Archive for October 13th, 2009

Arriving in a southern city in the U.S., I get off the plane, get my luggage, and head out to the area for hotel shuttle pickups. It starts to rain.

Within a few minutes, the shuttle arrives and off we go. The rain gets harder and the downpour beats on the taxi windows with that very familiar rapid tapping. It’s a wonderful moment and I unwind and relax.

What is it about rain that speaks so deeply to us? It is the very sound of tranquility and assurance.

As I listen, the hard falling rain  reminds me of the sound of the roar of the sea as waves crest and break on the beach; that sound of water rushing over sand as it advances and then recedes. There is something primordial in our experience of rain in particular, and water in general; a recollection emerging from “psychogenetic” memory. After all, we began life in the womb supported by amniotic fluid.

Wherever there is water, there is life, and so we seek it out elsewhere in our solar system as a precursor for life.  Most recently, our attempt to test for water on the moon by flying through the plume caused by crashing a spacecraft into the lunar south polar surface is case in point. It is the sound of origins; what Freud called the “oceanic feeling.”

Water figures prominently in religious ritual. In Catholicism, holy water accompanies signing oneself on entering a church. It is the essential element of baptism signifying new life in Christ.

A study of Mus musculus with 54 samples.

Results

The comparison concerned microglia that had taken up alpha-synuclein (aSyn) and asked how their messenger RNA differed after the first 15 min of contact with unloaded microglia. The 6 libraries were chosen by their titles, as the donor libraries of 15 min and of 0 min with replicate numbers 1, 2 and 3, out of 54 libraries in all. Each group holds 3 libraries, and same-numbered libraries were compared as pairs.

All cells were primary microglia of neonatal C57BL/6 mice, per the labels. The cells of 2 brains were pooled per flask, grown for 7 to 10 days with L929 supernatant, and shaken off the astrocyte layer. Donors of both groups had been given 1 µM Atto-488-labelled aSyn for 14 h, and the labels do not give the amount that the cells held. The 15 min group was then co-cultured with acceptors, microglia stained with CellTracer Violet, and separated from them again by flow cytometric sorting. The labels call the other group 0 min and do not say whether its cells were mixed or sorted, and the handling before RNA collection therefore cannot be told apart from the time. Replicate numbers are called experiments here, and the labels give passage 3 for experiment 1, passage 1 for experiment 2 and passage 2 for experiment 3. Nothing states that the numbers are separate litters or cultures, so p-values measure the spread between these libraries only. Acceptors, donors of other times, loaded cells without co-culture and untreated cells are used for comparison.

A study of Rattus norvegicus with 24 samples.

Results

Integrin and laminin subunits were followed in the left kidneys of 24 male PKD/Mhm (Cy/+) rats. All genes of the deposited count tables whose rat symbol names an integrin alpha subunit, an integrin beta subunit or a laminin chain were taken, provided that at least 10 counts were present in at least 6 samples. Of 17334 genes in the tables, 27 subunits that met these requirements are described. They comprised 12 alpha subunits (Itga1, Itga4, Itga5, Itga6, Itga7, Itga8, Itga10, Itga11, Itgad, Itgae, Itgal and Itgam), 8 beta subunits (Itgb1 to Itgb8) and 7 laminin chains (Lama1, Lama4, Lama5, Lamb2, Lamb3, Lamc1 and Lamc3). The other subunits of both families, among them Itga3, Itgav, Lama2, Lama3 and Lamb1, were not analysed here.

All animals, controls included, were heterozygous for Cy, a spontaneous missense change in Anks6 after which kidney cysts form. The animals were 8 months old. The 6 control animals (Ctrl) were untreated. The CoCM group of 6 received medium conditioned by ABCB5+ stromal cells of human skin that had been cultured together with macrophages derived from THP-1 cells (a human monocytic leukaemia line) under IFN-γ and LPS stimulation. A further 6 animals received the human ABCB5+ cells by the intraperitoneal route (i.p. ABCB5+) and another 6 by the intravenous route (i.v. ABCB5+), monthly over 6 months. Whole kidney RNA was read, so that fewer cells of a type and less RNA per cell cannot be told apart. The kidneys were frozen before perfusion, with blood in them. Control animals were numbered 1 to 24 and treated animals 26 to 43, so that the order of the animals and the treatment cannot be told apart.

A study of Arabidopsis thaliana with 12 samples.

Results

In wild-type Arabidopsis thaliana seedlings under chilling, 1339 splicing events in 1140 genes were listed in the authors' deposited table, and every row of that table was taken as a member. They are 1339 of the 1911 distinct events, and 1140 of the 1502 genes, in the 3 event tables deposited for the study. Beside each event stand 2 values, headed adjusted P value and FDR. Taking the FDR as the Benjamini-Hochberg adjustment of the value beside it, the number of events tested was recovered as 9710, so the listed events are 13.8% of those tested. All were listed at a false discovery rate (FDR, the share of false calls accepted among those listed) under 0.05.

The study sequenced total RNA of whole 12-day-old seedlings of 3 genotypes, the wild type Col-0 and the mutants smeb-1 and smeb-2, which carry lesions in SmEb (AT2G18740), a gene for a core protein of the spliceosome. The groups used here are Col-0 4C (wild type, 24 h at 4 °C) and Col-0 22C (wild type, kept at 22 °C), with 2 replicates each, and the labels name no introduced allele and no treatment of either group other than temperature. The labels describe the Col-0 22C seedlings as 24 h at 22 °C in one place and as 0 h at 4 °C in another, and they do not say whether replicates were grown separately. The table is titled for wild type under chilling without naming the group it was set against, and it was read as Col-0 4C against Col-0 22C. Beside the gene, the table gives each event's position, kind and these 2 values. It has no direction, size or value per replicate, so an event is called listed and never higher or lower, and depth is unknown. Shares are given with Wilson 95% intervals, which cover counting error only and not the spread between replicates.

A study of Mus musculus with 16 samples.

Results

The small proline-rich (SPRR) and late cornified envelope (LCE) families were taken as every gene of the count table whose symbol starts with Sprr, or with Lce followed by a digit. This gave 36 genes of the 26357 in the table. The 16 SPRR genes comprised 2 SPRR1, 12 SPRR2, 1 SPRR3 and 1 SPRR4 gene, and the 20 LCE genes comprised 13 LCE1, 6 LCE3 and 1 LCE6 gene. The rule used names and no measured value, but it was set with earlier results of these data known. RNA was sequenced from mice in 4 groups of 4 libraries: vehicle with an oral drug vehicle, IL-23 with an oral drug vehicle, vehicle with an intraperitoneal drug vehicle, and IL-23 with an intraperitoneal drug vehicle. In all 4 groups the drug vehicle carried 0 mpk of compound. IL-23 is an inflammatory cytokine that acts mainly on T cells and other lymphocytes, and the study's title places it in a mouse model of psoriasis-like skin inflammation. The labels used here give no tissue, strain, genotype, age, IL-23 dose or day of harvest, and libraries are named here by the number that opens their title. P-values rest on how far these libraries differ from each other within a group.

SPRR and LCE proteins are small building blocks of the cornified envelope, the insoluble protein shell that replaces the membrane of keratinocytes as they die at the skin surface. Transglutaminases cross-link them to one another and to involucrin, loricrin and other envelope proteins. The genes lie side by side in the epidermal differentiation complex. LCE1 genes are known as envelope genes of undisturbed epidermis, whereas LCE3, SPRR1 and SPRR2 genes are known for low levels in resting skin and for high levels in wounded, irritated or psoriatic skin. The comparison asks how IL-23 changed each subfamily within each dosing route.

In Jewish ritual, you wash your hands before eating bread, wash the dead before burial, and put a Cup of Miriam on the Passover Seder table, and immerse in a ritual bath before sacred occasions.

In Hinduism, water is closely linked to purification and the water of rivers is particularly sacred ( the Ganges chief among them). In Islam, ritual purification with water is essential preparation before all religious duties, especially worship.

In Ancient Greece, stories of water nymphs described them as bound to bodies of water and ascribed enduring beauty to them. They were sensual maidens and unforgettably striking. In this context, nymphs embody the character of eternal youth (the puer aeternus) and the sexual energy that peaks in youth. The fountain of youth is yet another mythic reminder of the powers of water to restore youthful vigor.

The sound of rain comforts at many levels. It reminds us of the state of entrance into our incarnate state after conception, the primordial connectedness to the eternal youthful force of the great Birther, a reminder of home, an archetypal call to health, rejuvenation, and the fantasies of childhood. Rain recalls the eternal wellspring of the unconscious that transcends the person and exists as the foundation on which our sensory world rests.

On arriving at my hotel, I gave the cab driver an especially nice tip. After all, he presided over all this, and it’s right to honor the synchronicities.

When next you are looking out at rain, consider the way it calls to you and raises sense and deep existential memory.


© Brother Anthony Thomas and The Harried Mystic, 2009. Unauthorized use and/or duplication of this material without express and written permission from this blog’s author and/or owner is strictly prohibited.